Chinese media reports that police in Shenzhen captured a woman selling a list containing the personal information of around 150,000 newborn babies on a busy overpass. What’s worse, the list included the phone numbers of the babies’ parents as well as information on the families’ residences, vehicle registration and other personal details.
Each set of personal family data was being hawked for anywhere between RMB 2 to 8 (and in some cases, even as low as 1 mao), and many area parents had reportedly been receiving “harassing” phone calls from maternity supply, medical and insurance companies.
Shenzhen isn’t the only city where this kind of activity is going on – illicit sales involving lists of personal data is big business across the country (witness the ridiculous amount of SMS spam you receive each day) – but what’s most alarming is that “newborn data lists” are being sold around Beijing as well, something to which I can personally attest.
Shortly after our daughter was born in 2008, my wife also started received numerous calls from “maternity supply, medical and insurance companies” soliciting their goods and services. It was clear that some despicable individual at the Peking Medical Union Hospital had pulled the exact same thing with our records – the calls literally started coming in even before our daughter was born. One morning we received three in a row as we were waiting in the hospital for a pre-natal checkup – it was enough to make me stand up and want to throttle the nearest staff member.
Such calls are usually nothing more than an annoyance and I like to think that nothing more will come of our personal information from that time having been leaked out – but as with all things related to babies and kids, there is something particularly infuriating about this lowdown, dirty practice. And now that we are getting ready to have our second I can guarantee that the calls will resume once we’ve been registered in "the system."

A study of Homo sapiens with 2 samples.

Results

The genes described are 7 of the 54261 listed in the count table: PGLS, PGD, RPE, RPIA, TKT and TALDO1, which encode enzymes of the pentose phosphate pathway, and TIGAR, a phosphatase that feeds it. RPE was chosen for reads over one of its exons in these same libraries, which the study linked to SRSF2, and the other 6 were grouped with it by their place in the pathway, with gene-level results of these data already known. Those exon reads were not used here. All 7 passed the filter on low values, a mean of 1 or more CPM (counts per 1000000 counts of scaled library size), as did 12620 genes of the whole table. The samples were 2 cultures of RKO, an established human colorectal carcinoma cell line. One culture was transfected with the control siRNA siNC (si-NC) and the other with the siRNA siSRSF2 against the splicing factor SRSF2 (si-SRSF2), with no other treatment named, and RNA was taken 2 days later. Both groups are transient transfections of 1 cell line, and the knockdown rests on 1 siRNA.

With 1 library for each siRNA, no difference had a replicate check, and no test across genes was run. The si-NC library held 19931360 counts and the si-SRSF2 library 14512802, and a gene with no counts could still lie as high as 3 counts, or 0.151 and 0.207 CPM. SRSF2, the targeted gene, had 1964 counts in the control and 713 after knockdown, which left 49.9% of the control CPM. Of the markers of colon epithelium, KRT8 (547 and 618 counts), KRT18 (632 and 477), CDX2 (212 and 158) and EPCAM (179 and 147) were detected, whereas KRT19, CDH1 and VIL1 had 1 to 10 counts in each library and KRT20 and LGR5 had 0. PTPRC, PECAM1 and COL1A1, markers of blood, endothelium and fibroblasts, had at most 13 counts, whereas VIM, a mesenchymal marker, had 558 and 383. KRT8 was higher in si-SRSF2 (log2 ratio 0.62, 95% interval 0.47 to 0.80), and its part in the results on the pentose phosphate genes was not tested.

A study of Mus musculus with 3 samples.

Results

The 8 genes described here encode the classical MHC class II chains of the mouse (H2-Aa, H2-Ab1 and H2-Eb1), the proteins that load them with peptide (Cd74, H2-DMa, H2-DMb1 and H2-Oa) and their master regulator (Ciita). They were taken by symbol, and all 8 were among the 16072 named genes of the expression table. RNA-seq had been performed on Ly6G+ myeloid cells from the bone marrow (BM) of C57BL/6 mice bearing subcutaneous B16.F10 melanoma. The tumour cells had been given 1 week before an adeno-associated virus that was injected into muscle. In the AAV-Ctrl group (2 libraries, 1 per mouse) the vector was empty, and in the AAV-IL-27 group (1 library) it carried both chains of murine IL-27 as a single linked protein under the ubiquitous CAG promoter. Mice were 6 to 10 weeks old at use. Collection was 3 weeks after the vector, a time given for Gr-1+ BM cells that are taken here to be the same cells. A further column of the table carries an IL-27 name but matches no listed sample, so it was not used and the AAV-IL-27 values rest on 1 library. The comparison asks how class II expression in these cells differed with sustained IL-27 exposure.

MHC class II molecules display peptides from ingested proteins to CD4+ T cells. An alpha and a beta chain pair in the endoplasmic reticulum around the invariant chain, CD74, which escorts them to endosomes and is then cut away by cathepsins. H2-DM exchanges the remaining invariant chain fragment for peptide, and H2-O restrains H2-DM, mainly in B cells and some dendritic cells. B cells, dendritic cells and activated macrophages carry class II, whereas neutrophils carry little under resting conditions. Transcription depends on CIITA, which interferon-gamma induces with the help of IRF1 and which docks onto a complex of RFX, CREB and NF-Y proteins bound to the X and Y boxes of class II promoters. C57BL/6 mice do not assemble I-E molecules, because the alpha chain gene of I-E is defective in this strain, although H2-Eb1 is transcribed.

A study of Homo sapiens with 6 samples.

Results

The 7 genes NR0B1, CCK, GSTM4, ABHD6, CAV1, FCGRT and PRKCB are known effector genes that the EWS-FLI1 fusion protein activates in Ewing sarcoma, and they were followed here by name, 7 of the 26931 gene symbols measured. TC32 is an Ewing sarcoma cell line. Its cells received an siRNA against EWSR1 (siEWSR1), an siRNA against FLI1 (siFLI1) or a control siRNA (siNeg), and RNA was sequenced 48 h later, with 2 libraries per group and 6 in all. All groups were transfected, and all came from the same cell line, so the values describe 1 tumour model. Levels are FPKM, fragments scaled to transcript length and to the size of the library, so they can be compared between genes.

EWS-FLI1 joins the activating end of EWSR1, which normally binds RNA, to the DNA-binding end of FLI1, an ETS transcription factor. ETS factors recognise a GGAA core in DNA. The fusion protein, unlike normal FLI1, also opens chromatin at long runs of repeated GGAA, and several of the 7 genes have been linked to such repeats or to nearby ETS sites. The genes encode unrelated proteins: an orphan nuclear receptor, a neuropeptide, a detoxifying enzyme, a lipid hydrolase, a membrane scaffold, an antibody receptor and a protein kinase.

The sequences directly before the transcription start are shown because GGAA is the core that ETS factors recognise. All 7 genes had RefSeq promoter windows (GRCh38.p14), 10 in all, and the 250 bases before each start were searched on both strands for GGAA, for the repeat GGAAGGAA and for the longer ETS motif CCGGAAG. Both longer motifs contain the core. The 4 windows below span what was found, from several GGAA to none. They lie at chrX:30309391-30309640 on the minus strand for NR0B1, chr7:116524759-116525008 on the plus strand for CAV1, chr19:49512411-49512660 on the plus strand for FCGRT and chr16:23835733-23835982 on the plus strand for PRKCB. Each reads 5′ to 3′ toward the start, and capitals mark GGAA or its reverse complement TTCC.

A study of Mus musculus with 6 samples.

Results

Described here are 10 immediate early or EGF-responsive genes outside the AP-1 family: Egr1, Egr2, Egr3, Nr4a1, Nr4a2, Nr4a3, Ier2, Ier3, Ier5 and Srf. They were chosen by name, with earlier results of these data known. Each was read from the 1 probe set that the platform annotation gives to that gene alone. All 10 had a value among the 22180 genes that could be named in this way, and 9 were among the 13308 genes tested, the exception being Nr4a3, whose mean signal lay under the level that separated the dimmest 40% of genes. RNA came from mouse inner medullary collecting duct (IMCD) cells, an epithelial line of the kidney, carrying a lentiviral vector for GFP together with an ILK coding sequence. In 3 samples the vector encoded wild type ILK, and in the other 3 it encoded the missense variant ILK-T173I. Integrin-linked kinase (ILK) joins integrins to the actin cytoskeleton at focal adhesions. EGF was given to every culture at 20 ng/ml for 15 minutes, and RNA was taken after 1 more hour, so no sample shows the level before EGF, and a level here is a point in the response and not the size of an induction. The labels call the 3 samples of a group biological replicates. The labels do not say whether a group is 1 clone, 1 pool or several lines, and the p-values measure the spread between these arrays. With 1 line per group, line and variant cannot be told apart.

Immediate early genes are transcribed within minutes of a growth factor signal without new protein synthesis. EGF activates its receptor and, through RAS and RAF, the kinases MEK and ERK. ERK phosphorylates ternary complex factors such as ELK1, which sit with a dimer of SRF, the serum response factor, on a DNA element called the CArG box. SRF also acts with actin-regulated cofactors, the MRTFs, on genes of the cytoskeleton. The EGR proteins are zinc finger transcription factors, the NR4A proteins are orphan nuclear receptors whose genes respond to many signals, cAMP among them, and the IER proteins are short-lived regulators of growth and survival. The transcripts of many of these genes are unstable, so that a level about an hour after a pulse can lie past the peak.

It’s tempting to pin the all blame on the people stealing and selling this information but the root of the problem lies in the unscrupulous hearts of the solicitors who support this black market. Unfortunately Chinese law has not kept up with this growing problem, which doesn’t just affect families with babies, as my father-in-law who frequently receives phone calls hawking pacemakers and blood thinner can attest.
Laws covering the processing of personal data are filled with ambiguities and the government has only just begun the process of drafting legislation. But even if such laws are passed in the relatively near future there’s still the age-old problem of enforceability and accountability. If authorities are serious about tackling the issue then a system of tangible rules and punishments should be established and consistently enforced, but all too often this is simply not the case – it seems that only after an embarrassing debacle or, much worse, a crisis or tragedy occurs, do real efforts get underway. Let’s hope this won’t turn out to be the case for the children and families involved in this case.